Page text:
Restless leg syndrome (RLS) is a neurological disease characterized by irresistible urge to move one's body to stop uncomfortable sensations. It is also considered a sleep disorder because it can severely diminish overall quality of sleep, and thus effect daily activities.
The most consistent finding with RLS patients is an iron deficiency, but it is not the main cause of the symptoms. Studies using an MRI have shown decreased iron in the substantia nigra, part of the brain where dopamine-producing cells reside. There is still little known on how iron is regulated by different cells in the brain.
Since dopamine stimulating drugs have shown improvement in RLS symptoms, studies have been performed to compare the dopamenergic pathway of affected and healthy patients. The studies showed that severe cases of RLS had lower dopamine levels and less severe cases had normal looking dopamine producing cells. This would suggest that there might be a defect somewhere in the pathway of dopamine system.
There are several genes that are associated with increased risk of developing RLS some point in the future. Studies have shown that MEIS1, BTBD9, LBXCOR1 and MAP2K5 have a significant association in RLS patients. Since RLS has multiple influencing genes it is hard to determine what effect the absence or damage of each one has on the overall symptoms.
GWAS and RLS Edit
Restless leg syndrome follows an autosomal dominant pattern of inheritance affecting 5-10% of the population. Genome wide association studies have linked multiple genes to RLS symptoms, including the BTBD9 gene which was the main gene that 23andMe focused on in their report. BTBD9 is located on the short arm of chromosome 6. Other studies have shown that the SNP rs3923809, located in the non coding region of BTBD9 greatly influences the phenotype of restless leg syndrome. One study from the New England Journal of Medicine compared number of limb movements per hour to two different allelic snp's, rs3923809 A and G. The A allele correlated to a higher number of limb movements while G showed lower.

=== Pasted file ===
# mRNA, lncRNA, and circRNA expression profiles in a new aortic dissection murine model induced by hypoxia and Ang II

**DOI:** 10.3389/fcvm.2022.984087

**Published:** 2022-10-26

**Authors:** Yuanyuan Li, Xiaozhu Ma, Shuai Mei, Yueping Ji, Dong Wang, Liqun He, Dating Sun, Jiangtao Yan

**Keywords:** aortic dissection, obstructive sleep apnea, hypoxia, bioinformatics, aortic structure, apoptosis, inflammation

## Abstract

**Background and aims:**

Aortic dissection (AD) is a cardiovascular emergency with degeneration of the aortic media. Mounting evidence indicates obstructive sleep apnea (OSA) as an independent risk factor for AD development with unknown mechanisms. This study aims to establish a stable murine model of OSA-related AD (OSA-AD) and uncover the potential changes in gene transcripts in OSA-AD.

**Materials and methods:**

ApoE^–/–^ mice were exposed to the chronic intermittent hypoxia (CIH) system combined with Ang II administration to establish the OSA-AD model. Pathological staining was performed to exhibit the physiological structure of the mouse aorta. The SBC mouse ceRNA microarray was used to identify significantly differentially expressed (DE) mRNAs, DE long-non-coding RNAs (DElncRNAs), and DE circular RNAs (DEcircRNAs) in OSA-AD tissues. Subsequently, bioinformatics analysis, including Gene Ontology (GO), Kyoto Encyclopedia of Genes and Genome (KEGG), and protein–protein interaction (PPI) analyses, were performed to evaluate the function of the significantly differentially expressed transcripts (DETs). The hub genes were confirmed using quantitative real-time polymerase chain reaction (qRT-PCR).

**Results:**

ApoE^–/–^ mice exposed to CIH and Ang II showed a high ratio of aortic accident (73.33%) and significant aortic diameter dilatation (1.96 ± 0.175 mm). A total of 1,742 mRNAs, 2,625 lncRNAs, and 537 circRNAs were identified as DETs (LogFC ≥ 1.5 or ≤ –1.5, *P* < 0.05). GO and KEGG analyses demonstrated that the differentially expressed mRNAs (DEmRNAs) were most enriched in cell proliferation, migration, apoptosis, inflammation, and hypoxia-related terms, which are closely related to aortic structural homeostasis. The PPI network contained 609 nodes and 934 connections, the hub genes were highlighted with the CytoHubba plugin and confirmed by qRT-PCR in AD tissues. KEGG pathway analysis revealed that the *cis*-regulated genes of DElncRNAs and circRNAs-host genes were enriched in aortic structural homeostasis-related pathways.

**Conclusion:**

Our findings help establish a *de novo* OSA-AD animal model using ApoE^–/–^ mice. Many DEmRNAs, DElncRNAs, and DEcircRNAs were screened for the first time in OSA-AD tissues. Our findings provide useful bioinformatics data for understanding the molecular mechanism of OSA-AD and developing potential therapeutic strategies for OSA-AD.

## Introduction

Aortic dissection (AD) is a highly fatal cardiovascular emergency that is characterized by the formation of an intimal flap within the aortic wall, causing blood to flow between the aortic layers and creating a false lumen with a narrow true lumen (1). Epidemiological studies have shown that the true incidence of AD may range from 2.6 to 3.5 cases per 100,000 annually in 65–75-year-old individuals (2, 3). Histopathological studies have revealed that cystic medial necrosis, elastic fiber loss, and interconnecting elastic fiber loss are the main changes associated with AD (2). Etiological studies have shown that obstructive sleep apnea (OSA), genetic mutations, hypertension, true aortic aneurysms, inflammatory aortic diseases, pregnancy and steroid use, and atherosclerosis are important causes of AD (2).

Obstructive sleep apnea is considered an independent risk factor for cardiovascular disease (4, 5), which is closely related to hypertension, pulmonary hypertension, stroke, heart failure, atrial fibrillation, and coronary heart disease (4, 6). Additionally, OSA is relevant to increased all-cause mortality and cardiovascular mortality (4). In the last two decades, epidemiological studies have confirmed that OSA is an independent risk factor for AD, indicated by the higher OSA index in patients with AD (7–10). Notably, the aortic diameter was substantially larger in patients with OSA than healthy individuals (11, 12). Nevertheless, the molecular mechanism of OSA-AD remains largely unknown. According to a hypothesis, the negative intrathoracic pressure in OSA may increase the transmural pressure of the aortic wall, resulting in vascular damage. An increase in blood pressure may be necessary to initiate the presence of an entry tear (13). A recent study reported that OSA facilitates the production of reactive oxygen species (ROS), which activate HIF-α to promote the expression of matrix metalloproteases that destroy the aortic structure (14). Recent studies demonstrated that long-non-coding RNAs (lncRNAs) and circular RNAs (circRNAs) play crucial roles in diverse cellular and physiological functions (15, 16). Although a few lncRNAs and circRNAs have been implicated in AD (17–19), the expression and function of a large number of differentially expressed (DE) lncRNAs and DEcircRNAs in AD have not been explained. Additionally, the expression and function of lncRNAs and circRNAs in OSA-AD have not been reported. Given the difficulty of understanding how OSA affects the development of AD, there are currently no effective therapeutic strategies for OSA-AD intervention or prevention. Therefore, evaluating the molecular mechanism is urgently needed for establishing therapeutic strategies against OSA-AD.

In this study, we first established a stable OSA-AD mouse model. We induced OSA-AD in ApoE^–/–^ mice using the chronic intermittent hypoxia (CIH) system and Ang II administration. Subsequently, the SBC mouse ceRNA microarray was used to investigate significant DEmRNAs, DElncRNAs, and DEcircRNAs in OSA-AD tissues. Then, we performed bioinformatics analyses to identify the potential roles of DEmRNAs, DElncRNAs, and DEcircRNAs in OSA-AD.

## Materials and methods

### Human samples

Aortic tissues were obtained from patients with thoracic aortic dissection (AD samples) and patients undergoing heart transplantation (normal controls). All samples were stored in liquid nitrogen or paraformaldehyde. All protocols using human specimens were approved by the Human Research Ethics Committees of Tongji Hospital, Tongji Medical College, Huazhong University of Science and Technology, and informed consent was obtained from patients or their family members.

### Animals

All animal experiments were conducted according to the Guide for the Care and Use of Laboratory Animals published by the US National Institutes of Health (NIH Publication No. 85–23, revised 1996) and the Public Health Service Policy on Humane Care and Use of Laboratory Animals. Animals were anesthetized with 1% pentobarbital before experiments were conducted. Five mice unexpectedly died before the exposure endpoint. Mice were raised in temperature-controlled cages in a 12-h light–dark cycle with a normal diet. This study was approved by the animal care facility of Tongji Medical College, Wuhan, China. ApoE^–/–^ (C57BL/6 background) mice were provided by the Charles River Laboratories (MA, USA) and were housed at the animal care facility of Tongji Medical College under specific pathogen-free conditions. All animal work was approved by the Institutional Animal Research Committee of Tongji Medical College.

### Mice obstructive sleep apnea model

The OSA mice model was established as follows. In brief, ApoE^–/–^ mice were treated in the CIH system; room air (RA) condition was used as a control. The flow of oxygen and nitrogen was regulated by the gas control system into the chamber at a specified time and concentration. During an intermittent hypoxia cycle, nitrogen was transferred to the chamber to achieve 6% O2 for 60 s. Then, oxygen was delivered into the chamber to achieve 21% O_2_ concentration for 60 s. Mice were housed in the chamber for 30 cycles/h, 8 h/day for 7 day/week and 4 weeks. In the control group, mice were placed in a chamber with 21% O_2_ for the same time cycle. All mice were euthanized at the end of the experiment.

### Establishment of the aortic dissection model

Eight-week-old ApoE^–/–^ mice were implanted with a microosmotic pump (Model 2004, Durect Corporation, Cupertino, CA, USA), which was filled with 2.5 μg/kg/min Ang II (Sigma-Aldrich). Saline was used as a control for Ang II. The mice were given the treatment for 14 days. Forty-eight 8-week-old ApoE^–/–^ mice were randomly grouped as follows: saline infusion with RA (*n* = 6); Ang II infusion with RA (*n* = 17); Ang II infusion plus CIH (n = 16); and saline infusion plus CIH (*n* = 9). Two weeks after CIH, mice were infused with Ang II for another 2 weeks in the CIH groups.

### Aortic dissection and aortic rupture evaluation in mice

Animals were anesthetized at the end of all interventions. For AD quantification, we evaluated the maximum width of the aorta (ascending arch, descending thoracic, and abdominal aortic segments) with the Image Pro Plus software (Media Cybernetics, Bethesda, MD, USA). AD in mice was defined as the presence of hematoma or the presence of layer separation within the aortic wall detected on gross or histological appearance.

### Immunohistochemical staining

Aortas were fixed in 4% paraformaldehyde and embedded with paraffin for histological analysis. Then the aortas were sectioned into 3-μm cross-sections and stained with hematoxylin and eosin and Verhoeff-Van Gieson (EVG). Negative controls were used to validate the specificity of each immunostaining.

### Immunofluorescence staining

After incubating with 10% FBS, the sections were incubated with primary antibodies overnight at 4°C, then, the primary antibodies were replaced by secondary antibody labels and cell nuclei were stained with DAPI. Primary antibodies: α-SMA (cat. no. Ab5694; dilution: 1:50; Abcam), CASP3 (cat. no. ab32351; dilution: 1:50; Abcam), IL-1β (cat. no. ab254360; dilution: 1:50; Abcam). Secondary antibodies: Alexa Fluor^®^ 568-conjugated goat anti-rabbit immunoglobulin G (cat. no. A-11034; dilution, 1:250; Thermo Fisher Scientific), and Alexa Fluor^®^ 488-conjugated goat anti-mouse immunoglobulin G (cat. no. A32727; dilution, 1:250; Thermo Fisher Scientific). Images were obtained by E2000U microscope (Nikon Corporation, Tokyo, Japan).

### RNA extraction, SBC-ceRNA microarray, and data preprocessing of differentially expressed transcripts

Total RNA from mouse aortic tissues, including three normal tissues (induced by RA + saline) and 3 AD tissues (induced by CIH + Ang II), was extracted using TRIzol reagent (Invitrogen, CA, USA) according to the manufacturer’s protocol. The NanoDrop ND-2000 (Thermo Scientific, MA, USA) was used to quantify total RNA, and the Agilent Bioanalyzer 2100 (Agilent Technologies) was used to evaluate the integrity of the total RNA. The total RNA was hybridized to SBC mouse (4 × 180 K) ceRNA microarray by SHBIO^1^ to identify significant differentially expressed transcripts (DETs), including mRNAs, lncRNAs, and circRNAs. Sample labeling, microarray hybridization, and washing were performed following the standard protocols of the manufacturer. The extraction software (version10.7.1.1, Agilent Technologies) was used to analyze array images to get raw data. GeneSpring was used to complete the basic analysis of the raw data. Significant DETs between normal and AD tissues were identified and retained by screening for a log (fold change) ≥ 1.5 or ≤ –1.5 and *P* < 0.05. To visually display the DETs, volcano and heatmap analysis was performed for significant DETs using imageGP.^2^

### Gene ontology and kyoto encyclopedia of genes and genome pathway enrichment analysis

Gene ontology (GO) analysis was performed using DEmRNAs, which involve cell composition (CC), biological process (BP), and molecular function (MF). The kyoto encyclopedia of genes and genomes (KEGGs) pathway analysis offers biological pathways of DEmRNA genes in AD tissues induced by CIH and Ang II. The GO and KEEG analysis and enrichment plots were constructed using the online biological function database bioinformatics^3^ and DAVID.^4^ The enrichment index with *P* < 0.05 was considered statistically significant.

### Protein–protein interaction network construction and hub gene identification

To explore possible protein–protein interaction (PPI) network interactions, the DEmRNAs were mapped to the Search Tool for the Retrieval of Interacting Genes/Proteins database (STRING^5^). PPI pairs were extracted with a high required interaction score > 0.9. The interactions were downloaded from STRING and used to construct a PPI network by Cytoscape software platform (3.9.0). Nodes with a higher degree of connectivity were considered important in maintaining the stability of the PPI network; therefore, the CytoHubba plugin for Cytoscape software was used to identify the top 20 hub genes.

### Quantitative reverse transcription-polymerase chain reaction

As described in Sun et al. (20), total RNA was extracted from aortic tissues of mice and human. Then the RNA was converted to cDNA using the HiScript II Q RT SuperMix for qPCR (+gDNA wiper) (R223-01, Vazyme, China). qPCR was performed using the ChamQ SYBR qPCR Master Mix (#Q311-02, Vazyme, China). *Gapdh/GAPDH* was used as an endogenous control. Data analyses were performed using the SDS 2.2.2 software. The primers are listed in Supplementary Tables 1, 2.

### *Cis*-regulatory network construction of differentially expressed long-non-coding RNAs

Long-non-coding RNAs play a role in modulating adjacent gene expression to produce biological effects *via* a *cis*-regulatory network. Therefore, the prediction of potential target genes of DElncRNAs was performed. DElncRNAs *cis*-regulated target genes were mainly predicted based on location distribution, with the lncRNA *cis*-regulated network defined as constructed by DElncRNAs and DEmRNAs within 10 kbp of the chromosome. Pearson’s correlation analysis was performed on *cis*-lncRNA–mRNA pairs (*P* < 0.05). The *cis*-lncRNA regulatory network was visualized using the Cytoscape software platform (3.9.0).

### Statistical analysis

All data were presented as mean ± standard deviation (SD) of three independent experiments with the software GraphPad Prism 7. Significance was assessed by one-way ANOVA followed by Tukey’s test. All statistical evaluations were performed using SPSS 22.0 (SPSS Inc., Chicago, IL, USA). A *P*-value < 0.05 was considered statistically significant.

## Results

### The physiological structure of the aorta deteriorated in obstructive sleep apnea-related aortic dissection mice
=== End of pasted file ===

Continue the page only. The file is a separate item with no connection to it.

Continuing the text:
23andMe report Edit
The genome report showed that John Burke is heterozygous (AG) for the rs3923809 snp. Although 70-80% of Europeans carry the A allele only 10% show the phenotype. Since John Burke has the AG genotype he is considered to have a decreased risk of developing RLS.
1. Raizen, D. M., and M. N. Wu. "Genome-Wide Association Studies of Sleep Disorders." Chest (2011): 446-52. Print.
3. Stockman, J.a. "A Genetic Risk Factor for Periodic Limb Movements in Sleep." Yearbook of Pediatrics: 337-38. Print.